Further work needed to prevent violence against women, MPs say

On the 10th anniversary of the Istanbul convention, MPs acknowledge that there is further work to be carried out locally and abroad

Protection from gender violence has strengthened over the years, but members of parliament took the 10th anniversary of the Istanbul convention as an opportunity to acknowledge that there is further work to be done.

Prior to discussing the orders of the day, Foreign Affairs Minister Evarist Bartolo gave a short speech to celebrate the 10th anniversary of the Istanbul Convention.

Evarist Bartolo noted how Turkey, the country that first ratified the convention, announced last month that it will be withdrawing from the convention. 

“In the past 10 years since we signed the convention, the rate at which women are killed around the world has not changed. 137 women across the world are killed every day by a partner or family relative, making their homes some of the most dangerous places,” he said.

Bartolo recalled one incident during a house-visit, where a woman had called him wanting to speak to him.

“When I arrived, I noticed that her mother-in-law was also at home. The woman remained silent the whole time. When I asked her if she wanted to speak to me about something, she said that she just wanted to see me.”

After the visit, Bartolo said he found out that her husband had pushed her down the stairs, leading her to break her wrist. She was scared of telling anyone because he was a policeman.

“Yes, we’ve moved forward and there’s more recognition, but there’s far more that needs to be done. We need to understand that rights are fragile,” he said.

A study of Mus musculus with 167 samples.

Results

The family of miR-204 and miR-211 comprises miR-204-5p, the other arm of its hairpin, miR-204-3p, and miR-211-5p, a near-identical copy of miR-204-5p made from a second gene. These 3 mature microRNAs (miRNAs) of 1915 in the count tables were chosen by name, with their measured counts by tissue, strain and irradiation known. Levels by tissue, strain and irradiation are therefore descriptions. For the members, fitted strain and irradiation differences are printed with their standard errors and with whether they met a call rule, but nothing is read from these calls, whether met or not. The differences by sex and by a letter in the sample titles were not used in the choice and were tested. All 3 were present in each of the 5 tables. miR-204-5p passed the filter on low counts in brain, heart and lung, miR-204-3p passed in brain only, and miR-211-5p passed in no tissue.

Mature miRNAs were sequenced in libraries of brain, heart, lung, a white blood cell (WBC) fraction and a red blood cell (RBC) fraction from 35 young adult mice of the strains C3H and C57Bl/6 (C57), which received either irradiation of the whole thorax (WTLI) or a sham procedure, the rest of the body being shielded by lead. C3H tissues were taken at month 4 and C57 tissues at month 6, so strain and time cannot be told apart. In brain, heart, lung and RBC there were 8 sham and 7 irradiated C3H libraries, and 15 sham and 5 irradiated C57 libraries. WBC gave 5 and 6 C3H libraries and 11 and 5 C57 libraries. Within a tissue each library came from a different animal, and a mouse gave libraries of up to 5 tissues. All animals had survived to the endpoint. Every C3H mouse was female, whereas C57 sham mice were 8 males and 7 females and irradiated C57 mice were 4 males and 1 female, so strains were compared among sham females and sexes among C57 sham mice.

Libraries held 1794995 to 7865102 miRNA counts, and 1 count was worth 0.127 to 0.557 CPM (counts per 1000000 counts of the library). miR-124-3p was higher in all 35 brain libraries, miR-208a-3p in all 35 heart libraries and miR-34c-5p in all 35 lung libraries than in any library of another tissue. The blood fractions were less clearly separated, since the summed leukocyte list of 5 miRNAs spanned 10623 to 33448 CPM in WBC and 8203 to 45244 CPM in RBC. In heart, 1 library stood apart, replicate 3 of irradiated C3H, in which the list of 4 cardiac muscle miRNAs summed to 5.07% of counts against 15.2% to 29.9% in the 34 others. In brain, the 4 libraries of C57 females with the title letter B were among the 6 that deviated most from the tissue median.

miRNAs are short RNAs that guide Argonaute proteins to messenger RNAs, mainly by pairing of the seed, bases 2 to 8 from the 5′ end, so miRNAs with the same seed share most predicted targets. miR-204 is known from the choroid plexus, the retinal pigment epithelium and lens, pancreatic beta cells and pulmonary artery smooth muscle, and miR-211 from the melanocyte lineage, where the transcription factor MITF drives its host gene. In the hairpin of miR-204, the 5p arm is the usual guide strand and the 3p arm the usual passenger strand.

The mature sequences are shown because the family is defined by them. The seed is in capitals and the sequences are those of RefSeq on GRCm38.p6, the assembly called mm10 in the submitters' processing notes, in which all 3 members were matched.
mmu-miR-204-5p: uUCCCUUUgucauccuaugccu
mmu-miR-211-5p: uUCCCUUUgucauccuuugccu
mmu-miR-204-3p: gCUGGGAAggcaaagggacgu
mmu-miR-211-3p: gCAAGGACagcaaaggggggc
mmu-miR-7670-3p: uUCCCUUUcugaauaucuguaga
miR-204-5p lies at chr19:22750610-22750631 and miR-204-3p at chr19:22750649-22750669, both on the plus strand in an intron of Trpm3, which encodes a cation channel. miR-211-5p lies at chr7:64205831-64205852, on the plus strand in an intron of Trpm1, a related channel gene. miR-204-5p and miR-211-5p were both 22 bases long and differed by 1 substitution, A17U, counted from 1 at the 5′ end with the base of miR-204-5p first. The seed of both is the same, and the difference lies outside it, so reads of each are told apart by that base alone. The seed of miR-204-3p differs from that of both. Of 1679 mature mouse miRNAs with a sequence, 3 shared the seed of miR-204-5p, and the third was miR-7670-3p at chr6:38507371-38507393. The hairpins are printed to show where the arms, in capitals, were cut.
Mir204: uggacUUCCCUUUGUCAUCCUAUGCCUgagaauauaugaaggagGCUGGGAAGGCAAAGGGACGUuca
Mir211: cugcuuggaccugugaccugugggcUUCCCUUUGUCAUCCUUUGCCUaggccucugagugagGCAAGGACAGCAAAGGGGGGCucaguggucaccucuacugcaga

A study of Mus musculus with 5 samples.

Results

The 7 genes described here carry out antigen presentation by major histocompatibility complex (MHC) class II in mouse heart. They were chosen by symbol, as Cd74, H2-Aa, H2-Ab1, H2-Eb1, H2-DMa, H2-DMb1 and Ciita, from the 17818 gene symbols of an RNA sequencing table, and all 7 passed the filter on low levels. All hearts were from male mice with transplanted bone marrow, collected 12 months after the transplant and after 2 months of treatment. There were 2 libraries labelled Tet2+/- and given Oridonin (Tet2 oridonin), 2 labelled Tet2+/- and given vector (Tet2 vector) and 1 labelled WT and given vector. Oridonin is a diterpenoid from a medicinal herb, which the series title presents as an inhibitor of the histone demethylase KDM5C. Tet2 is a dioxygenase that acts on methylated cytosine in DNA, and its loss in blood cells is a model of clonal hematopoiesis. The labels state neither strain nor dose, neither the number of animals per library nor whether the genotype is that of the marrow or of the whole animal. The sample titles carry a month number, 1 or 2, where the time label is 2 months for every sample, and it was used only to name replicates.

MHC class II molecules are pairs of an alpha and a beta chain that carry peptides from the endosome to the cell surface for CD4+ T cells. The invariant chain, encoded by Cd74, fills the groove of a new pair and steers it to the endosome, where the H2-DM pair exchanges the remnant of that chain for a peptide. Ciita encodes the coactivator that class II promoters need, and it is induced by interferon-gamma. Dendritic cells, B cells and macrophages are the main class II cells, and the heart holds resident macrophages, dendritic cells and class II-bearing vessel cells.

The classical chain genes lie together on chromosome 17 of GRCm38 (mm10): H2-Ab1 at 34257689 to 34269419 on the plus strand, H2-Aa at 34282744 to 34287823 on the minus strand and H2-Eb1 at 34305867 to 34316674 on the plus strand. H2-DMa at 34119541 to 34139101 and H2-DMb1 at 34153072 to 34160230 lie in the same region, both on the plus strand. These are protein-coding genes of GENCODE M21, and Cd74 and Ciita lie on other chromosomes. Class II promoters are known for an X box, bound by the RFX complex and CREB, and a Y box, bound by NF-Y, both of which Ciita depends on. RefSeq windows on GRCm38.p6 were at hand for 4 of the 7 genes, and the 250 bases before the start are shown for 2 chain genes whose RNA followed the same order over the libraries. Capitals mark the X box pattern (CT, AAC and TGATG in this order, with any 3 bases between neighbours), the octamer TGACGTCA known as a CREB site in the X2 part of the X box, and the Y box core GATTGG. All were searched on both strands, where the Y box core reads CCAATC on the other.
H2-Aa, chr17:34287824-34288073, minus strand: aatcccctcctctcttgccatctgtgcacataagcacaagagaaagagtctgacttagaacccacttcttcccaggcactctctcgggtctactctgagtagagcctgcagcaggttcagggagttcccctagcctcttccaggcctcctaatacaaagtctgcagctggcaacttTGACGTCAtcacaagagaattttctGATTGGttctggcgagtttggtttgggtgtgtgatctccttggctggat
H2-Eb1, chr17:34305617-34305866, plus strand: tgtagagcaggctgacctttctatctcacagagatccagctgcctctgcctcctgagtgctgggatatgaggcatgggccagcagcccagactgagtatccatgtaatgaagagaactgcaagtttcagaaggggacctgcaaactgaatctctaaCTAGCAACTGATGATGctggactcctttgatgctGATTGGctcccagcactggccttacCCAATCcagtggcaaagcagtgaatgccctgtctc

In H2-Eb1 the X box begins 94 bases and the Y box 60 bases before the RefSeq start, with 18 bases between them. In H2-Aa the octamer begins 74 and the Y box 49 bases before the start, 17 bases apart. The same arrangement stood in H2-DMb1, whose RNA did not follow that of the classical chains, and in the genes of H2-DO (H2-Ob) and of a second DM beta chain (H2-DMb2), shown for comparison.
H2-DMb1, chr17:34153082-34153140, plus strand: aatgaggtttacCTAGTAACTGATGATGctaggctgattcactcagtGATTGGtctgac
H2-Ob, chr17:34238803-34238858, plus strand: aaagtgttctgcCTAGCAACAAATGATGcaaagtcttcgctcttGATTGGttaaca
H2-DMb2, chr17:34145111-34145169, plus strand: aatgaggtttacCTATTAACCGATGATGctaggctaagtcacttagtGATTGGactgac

On the Opposition’s part, Nationalist MP Carmelo Mifsud Bonnici mentioned the need to respect women at all levels of society.

“A large number of laws have been implemented, especially those addressed to increase protection. However, the basic point from which one must work from is that society must give more weight, value and awareness to what women offer,” he said.

He added how prior to these laws, a domestic violence case could only be investigated upon presentation of a legal letter.

“Now, even if a neighbour becomes aware of violence happening next door, they can file a report and police would have a duty to investigate and take action.”

Mifsud Bonnici continued on the Grevo report, which he said carries a certain weight that cannot be ignored.

“There is far more to do, and one must look at other procedures that go beyond penalties,” he said.

Parliamentary speaker Anġlu Farrugia gave his two cents on the issue, noting that while there is further work to do to protect women from gender violence, Malta has made significant improvements over the years.